Your case is not hopeless. Your photo (not our screenshot) probably has enough pixels for the wanted accuracy. For ex if you want to see 0,5 millimeter accurately the photo should have at least one pixel per real world 0,25 mm.
There can be some lens distortion. Straight lines become curved and rectangles appear as bulged to barrels or pinched to pillows. Small camera lens aperture when taking a photo and software lens distortion compensation minimize it. Manual camera setting is practically a must for best results. Shooting a test image of a perfect checkerboard reveals the lens distortion. That all belongs to photographer's skill set and it's off-topic here.
I cannot see any bulged or pinched shapes in your photo, so the lens distortion can be neglible. A lucky accident? Maybe, but as well the maker of the photo can know what he does. I would do a test shot with the same manual camera settings of a test checkerboard at the same distance. Photo editing programs have manual lens distortion compensation tools for simple distortion forms and at least Photoshop knows numerous popular camera lenses and can compensate the distortion automatically.
Then there's the blue grid - like someone had inserted it afterwards to the photo. Very likely it wasn't there when the photo was shot, so it offers exactly zero information of the target. Opposite: It can cover some details. Hopefully it's not actually inserted to the image, but made by Inkscape when you tinkered there and hoped it could be used during the whole process.
But there's also something very useful: The 90 degrees metal ruler. Hopefully it was in perfect condition when the photo was shot, it was in parallel with the surface and you still have it. It's your bridge over the perspective and scale problems. A perfect rectangle would be even more useful because it would get some redundancy.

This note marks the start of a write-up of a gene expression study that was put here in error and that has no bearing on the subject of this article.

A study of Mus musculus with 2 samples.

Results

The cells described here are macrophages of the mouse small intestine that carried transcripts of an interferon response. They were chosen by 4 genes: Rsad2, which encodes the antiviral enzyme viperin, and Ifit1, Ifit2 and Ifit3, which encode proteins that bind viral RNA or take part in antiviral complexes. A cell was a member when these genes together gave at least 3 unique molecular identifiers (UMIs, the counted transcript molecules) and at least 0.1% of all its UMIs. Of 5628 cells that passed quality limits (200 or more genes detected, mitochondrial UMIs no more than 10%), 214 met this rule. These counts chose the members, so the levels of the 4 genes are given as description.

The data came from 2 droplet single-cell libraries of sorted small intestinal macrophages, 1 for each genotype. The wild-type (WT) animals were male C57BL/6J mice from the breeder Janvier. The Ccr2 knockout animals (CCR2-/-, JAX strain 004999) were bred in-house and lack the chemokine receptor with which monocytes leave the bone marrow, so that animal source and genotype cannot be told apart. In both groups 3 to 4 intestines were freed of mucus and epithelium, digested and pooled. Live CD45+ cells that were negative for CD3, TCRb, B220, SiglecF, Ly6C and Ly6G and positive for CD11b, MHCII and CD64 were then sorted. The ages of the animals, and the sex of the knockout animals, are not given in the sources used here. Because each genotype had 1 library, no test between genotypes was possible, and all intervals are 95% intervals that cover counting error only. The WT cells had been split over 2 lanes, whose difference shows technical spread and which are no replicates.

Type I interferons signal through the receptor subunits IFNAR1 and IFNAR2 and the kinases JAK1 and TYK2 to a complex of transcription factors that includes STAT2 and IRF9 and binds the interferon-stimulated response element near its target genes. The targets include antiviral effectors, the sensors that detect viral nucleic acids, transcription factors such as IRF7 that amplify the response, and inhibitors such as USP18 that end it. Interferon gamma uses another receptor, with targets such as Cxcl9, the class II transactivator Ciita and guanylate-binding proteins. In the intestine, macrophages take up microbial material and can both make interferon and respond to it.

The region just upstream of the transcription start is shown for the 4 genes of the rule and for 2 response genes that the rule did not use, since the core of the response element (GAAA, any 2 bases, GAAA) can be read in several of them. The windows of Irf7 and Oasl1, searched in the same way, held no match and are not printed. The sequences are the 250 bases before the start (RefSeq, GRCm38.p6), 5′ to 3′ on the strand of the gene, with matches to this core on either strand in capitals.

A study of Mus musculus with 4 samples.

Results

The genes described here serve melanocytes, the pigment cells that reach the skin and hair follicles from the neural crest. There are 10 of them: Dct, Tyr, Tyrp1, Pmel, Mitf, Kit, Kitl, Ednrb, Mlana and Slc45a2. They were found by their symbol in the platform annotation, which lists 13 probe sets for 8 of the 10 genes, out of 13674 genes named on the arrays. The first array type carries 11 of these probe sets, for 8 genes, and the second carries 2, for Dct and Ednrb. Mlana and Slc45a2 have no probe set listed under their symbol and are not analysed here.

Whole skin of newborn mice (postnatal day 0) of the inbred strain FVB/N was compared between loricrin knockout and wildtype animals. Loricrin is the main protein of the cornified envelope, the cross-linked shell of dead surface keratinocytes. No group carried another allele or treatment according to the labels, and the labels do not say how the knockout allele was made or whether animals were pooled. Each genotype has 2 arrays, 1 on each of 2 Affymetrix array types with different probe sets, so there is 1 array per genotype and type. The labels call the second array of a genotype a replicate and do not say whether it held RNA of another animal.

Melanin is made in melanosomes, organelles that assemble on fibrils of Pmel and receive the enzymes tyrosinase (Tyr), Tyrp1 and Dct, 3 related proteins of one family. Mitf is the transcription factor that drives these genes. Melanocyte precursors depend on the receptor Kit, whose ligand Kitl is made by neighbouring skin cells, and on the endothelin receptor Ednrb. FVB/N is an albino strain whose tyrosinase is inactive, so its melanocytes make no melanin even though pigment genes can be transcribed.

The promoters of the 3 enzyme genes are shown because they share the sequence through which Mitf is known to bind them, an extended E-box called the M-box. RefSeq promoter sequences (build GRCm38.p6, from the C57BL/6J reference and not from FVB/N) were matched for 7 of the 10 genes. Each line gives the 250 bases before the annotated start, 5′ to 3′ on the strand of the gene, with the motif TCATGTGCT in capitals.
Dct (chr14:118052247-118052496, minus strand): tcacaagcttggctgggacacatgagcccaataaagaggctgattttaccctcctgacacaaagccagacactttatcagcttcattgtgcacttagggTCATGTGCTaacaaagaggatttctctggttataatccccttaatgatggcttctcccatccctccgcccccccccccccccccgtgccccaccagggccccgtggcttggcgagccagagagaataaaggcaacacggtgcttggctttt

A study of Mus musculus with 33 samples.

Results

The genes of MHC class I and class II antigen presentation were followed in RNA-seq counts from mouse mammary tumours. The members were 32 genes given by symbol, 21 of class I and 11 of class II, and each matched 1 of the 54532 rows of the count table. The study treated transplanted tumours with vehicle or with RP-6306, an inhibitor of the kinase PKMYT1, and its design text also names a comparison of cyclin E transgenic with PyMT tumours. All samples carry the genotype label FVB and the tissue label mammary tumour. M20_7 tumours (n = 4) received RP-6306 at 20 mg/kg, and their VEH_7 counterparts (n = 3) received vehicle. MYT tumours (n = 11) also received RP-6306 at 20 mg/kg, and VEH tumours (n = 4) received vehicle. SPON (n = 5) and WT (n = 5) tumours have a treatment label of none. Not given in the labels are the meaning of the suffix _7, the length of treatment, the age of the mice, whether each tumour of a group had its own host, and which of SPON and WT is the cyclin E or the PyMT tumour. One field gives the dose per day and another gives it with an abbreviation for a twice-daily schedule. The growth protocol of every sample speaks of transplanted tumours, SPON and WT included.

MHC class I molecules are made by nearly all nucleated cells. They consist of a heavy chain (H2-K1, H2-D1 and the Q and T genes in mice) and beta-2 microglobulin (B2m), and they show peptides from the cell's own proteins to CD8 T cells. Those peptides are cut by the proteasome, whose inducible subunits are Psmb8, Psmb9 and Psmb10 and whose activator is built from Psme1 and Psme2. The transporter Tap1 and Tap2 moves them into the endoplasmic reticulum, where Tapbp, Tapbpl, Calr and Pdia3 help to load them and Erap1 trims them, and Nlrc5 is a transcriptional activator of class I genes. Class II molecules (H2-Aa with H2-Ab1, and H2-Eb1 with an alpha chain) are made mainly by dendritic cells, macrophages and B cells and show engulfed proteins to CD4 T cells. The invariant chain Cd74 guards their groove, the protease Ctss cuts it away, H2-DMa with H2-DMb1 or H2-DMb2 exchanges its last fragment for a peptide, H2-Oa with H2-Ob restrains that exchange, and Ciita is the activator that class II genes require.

Do the next:
Start in a photo editor, like Photoshop or GIMP. Fix the lens distortion at first (no lens distortion visible in your screenshot). Then rotate the image so that the horizontal wing of the ruler becomes horizontal.
Adjust the image perspective in GIMP or Photoshop so that the vertical wing of the ruler becomes exactly vertical(see the note below). Use a perspective transform, do not use skewing nor other distortions!
Stretch the photo either horizontally or vertically so that the ratio of the lengths of the ruler wings in the photo become the same as in the real ruler.
Goto Inkscape and trace the wanted shape of the photo with the Bezier curve tool as accurately as you can with the thinnest curve you can see. Trace also the ruler to have a scale reference in the same image.
NOTE: To stay in truth I must add that if there's no lens distortion Inkscape alone is theoretically enough. You can trace at first the interesting shape and the ruler and make then the needed rotation and perspective corrections. I believe you have already thought this by yourself.
Combine the shape and the ruler paths to be able to insert the perspective envelope path effect. It's possible that your traced version has everything traced right and the image is just waiting for this step.
Drag to the board a couple of guides (the grid can do the same) and adjust the perspective envelope to get the ruler wings to exact 90 degrees. Remember to have "force mirroring" ON.
Convert the result to path to make the perspective correction permanent. Do it before the next step.
Finally stretch the width-height ratio so that it's ok for the metal ruler. Scale to the wanted end-usage dimensions. Break apart to be able to save the shape alone without the ruler.
The numerical user interface of the perspective envelope effect needs practicing. In GIMP and Photoshop the perspective adjustment is visual.
A different approach which doesn't need perspective straightening: Make a 3D model by shooting a mass of photos from different directions with exactly same manual camera settings. Let a photogrammetry program make a 3D model for you.
That's another form of art which needs some knowledge & practicing, but from the resulted 3D model one can measure more things than from a single flat photo.